International community in dark about exact details
Considerable fog still hangs over what occurred in the Algerian desert
It was one of the most complex international hostage crises in decades, and remains one of the murkiest.
The scale of events unfolding in Algeria’s remote southern desert emerged early on Wednesday, but amid all the frantic diplomatic manoeuvring and rolling media coverage, only a few hundred people gathered on either side of the perimeter fence of the gas plant at In Amenas had a clear picture of the scene.
Hundreds of hostages
Inside the vast complex, heavily-armed militants were holding hundreds of hostages, including dozens of foreigners, and threatening to kill them unless their demands were met. Encircling the compound were Algerian special forces, backed up by helicopters and personnel carriers, waiting for orders from their commanders – and, further along the line, from the country’s leadership in Algiers, 1,200km to the north.
An uneasy calm hung over the area for the first 24 hours, according to reports emerging yesterday. The kidnappers split the hostages into two groups – Algerians and foreigners – and allowed them use their mobile phones to communicate with the outside world. This was how Stephen McFaul, the 36-year-old Irish electrician, alerted his family at home in Belfast before they in turn notified the Department of Foreign Affairs.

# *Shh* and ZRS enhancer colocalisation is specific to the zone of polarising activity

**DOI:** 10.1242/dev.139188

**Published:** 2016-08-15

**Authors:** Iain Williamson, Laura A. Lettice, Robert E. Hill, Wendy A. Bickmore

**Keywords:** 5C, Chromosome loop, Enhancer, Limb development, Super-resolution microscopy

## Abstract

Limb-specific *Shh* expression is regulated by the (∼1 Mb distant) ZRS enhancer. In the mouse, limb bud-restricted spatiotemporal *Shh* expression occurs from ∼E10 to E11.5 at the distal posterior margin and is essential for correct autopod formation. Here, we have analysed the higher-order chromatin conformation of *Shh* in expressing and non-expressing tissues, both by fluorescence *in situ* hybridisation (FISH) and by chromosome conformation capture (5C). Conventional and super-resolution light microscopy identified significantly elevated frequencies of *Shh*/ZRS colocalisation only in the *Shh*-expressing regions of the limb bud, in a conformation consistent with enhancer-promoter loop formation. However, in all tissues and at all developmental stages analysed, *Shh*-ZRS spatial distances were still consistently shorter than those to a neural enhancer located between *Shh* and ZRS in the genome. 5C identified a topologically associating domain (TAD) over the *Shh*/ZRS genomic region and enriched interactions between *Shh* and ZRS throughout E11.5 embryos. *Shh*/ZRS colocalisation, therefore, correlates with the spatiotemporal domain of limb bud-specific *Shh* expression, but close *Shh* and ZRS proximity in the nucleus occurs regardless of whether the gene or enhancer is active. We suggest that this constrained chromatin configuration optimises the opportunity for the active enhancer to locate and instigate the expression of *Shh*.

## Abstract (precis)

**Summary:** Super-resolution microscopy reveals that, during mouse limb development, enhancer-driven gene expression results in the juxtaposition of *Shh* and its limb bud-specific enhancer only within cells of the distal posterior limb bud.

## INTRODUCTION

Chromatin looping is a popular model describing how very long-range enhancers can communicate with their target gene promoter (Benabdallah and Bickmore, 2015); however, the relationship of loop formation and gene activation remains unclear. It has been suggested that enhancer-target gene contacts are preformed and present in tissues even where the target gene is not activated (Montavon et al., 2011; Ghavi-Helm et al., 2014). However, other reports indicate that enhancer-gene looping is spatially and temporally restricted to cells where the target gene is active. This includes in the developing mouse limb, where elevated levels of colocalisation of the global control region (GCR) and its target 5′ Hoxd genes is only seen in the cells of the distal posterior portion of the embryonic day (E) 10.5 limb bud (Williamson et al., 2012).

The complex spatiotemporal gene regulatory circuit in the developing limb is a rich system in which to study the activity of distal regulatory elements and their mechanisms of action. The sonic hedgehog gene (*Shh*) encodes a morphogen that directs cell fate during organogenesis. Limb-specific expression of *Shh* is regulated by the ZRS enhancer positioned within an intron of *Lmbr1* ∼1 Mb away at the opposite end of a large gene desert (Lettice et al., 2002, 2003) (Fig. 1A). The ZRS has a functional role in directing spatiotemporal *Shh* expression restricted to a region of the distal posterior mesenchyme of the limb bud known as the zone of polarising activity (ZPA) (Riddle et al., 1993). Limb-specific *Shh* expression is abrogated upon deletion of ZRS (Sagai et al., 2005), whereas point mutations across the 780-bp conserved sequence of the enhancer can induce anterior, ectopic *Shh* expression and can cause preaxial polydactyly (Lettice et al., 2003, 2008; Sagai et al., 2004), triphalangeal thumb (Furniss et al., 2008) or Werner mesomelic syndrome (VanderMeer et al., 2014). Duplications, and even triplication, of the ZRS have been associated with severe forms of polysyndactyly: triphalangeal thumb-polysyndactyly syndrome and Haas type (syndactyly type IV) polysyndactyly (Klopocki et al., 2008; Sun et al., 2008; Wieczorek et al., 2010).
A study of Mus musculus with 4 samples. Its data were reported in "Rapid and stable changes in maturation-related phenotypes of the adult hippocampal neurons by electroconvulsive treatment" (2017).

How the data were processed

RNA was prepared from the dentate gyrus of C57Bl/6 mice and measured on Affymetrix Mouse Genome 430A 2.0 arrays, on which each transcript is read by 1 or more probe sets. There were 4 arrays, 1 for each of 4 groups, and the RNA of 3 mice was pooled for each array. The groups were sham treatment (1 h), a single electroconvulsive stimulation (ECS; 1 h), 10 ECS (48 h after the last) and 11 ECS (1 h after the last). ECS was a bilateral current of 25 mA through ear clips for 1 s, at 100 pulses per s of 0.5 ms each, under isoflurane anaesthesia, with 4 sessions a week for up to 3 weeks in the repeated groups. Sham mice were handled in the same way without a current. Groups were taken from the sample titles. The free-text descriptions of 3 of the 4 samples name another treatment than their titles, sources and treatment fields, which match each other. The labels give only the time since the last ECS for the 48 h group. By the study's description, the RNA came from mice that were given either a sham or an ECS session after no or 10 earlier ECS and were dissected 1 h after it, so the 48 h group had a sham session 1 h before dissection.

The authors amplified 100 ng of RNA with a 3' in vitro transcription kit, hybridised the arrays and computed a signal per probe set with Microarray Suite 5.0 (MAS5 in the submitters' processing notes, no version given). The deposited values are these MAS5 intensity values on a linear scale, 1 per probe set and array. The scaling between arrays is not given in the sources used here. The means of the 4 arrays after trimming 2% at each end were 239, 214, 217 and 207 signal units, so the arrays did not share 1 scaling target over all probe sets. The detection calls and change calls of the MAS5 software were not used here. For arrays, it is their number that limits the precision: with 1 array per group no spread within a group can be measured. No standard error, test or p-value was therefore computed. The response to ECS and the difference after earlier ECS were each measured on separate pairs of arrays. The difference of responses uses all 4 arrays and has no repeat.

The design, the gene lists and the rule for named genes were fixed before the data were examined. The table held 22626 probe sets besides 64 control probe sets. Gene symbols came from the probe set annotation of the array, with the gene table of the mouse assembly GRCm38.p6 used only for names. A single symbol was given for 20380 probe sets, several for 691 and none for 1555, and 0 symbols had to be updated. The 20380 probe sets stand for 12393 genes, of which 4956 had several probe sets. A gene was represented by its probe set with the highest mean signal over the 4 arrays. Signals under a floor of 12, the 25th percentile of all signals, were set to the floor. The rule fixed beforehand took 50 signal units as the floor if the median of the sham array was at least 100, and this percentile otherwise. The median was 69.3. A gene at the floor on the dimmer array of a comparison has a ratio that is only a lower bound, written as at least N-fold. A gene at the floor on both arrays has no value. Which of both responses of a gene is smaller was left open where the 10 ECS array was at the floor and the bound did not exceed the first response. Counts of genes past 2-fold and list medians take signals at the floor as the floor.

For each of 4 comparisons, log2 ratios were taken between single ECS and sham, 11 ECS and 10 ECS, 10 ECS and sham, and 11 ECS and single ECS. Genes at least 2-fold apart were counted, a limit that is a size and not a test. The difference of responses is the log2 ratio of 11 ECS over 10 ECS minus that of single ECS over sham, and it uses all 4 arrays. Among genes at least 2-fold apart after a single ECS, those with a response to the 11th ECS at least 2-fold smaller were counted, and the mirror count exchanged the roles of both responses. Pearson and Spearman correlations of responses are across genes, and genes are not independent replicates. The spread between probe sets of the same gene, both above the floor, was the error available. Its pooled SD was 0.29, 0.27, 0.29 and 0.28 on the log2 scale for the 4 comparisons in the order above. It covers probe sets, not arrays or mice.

Escapees who recounted their ordeal said their captors appeared to have good knowledge of the site and of the language of radical Islam. Abdelkader (53), a resident of the town of In Amenas, said by telephone that the kidnappers told Algerian staff they would not harm Muslims but would kill western hostages they called “Christians and infidels”.
Across the world, governments set up crisis centres to coordinate their responses and try to establish the facts. Within hours of the first reports, Ireland, Norway, the US and Japan said they believed their citizens were among the hostages.
The French, believing the kidnappers were not in control of the entire compound, refused to reveal publicly that their nationals were in the plant. French national Alexandre Berceaux, who worked for CIS Catering, told French media yesterday he had hidden under the bed in his room for 40 hours before rescue.
In Dublin, the Government immediately opened lines of communication with other European capitals. Officials also contacted Irish citizens working for major oil firms and subcontractors in the region; they were “extremely helpful” in building a clearer picture through local contacts, said a diplomatic source. Minister for Foreign Affairs Eamon Gilmore spoke directly to his Algerian counterpart.